Page 251 - Suscipere tam inimicitias, seu patris, seu propinqui, quam amicitias, necesse est : nec implacabiles durant. Luitur enim etiam homicidium certo armentorum ac pecorum numero, recipitque satisfactionem universa domus : utiliter in publicum ; quia periculosiores sunt inimicitiae juxta libertatem.
Page 244 - Frode believed, and crossed alone to the island, loth to attack the beast with any stronger escort than that wherewith it was the custom for champions to attack. When it had drunk water and was repairing to its cave, its rough and sharp hide spurned the blow of Frode's steel. Also the darts that he flung against it rebounded idly, foiling the effort of the thrower. But when the hard back yielded not a whit, he noted the belly heedfully, and its softness gave entrance to the steel.
Page 251 - Principes pro victoria pugnant; comites pro principe. Si civitas, in qua orti sunt, longa pace et otio torpeat plerique nobilium...
Page lii - The poem of Beowulf consists of two distinct parts joined in a very loose manner and held together only by the person of the hero. The first of these does not in the least require or presuppose a continuation. Nor is the second dependent for its interpretation on the events of the first plot, the two references to the "Grendel part" being quite cursory and irrelevant (2351 ff.
Page xv - Then he leapt off the cliff into the force; the priest saw the soles of his feet, and knew not afterwards what was become of him. But Grettir dived under the force, and hard work it was, because the whirlpool was strong, and he had to dive down to the bottom, before he might come up under the force. But thereby was a rock jutting out, and thereon he gat; a great cave was under the force, and the river fell over it from the sheer rocks. He went up into the cave, and there was a great fire flaming...
Page l - The Christian elements are almost without exception so deeply ingrained in the very fabric of the poem that they cannot be explained away as the work of a reviser or later interpolator.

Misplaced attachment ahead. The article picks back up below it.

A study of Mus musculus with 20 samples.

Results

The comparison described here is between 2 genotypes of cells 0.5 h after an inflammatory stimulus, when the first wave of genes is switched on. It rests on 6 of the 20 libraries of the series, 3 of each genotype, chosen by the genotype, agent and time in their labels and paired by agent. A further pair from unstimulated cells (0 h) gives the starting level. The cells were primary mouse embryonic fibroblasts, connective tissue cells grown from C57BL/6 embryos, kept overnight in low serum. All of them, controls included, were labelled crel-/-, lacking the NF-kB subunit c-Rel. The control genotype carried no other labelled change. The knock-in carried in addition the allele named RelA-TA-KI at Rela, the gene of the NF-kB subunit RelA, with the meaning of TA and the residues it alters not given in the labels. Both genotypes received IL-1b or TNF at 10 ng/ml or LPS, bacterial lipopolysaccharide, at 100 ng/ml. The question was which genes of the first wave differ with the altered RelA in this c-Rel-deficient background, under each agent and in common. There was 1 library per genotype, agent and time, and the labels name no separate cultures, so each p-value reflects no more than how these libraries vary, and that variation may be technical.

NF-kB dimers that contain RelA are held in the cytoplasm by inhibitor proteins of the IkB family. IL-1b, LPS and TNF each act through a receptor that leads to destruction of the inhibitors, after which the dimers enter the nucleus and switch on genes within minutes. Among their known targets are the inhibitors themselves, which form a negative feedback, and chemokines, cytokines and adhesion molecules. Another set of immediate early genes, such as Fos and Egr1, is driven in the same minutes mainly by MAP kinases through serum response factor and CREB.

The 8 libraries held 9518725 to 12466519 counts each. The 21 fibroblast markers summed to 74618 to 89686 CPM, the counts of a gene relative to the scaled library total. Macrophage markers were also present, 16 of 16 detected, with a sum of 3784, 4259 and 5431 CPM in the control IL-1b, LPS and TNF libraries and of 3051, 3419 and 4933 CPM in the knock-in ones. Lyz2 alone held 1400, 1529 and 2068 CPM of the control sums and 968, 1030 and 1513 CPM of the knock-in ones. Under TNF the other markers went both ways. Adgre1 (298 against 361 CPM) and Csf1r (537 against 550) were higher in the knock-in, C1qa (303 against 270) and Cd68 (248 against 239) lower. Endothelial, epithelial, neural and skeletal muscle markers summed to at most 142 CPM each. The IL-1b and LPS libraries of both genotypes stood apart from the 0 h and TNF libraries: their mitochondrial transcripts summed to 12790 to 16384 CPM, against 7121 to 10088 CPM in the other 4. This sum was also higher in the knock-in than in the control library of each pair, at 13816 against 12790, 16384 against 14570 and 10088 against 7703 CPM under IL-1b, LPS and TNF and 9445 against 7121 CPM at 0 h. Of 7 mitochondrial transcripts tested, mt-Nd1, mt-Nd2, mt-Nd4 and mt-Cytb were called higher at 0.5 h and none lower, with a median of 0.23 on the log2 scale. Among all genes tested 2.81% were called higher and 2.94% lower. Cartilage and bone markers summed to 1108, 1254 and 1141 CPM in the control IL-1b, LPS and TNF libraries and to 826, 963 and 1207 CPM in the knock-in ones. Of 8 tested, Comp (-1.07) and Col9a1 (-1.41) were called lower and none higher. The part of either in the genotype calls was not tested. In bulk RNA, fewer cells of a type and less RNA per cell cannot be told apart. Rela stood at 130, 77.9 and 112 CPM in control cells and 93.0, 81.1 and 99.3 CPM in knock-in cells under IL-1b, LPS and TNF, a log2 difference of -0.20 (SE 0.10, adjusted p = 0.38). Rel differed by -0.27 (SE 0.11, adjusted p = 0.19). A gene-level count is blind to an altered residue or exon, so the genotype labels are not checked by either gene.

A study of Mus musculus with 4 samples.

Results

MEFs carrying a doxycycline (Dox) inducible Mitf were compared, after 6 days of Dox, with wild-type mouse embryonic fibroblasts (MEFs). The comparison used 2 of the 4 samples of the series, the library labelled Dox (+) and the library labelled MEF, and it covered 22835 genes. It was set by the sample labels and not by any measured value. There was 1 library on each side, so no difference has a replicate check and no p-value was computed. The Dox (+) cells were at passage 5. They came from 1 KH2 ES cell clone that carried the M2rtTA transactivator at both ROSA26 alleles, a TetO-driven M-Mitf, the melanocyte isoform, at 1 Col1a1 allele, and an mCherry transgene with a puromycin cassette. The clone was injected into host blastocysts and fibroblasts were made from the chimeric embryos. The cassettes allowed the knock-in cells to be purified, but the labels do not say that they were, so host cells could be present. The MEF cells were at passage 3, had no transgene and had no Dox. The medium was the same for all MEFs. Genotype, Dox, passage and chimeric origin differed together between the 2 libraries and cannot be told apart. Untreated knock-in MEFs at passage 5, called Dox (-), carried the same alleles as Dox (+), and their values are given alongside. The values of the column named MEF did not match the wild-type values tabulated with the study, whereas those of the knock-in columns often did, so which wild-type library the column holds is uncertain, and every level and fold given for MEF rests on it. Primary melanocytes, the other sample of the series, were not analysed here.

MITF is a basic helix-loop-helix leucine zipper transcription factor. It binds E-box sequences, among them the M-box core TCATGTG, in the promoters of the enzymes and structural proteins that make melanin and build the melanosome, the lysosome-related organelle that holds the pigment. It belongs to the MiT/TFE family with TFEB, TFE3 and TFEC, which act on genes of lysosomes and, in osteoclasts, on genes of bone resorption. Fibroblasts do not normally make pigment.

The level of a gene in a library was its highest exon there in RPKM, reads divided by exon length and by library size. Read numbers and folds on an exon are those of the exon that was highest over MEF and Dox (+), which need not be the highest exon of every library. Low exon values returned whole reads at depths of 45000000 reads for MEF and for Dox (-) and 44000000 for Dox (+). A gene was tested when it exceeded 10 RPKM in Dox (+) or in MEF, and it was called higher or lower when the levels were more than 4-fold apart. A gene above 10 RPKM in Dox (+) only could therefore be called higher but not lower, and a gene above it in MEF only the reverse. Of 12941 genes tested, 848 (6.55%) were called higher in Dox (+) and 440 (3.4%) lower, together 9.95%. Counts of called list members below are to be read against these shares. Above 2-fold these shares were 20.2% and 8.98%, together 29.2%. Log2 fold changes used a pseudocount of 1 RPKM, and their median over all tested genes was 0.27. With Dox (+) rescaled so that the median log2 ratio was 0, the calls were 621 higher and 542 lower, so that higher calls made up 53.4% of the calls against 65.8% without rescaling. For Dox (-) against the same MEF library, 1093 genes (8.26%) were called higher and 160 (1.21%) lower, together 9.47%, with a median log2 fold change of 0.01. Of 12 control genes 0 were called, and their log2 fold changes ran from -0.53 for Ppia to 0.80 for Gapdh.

Page 252 - One priest alone is permitted to touch it. He is able to perceive when the goddess is present in her sanctuary, and accompanies her with the utmost reverence as she is drawn along by cows. It is a season of rejoicing, and festivity reigns wherever she deigns to go and be received. They do not undertake hostilities or take up arms ; every weapon is put away ; peace and quiet are then only known and welcomed, until the goddess, weary of human intercourse, is at length restored by the same priest to...
Page lviii - Furthermore, different parts of a story are sometimes told in different places, or substantially the same incident is related several times from different points of view. A complete, connected account of the history of the dragon's hoard is obtained only by a comparison of the passages, 3049 ff., 3069 ff., 2233 ff. The brief notice of Grendel's first visit in Heorot (122 f.) is supplemented by a later allusion containing additional detail (1580 ff.).
Page 239 - Ipse Scef cum uno dromone advectus est in insula oceani quae dicitur Scani, armis circumdatus, eratque valde recens puer, et ab incolis illius terrae ignotus ; attamen ab eis suscipitur, et ut familiarem diligenti animo eum custodierunt, et post in regem ehgunt : de cuius prosapia ordinem trahit Athulf rex.
Page cxviii - There is no evidence to show that 'a Beowulf legend' had gradually grown up out of popular stories that had been brought over to England by the migrating Angles. If such were the case, it would be inexplicable why the exclusive interest in Scandinavian legends remained virtually unimpaired, and why in particular such a minute attention to the fortunes of Northern dynasties continued to be manifested in the epic.5 In his book on Beowulf, WW.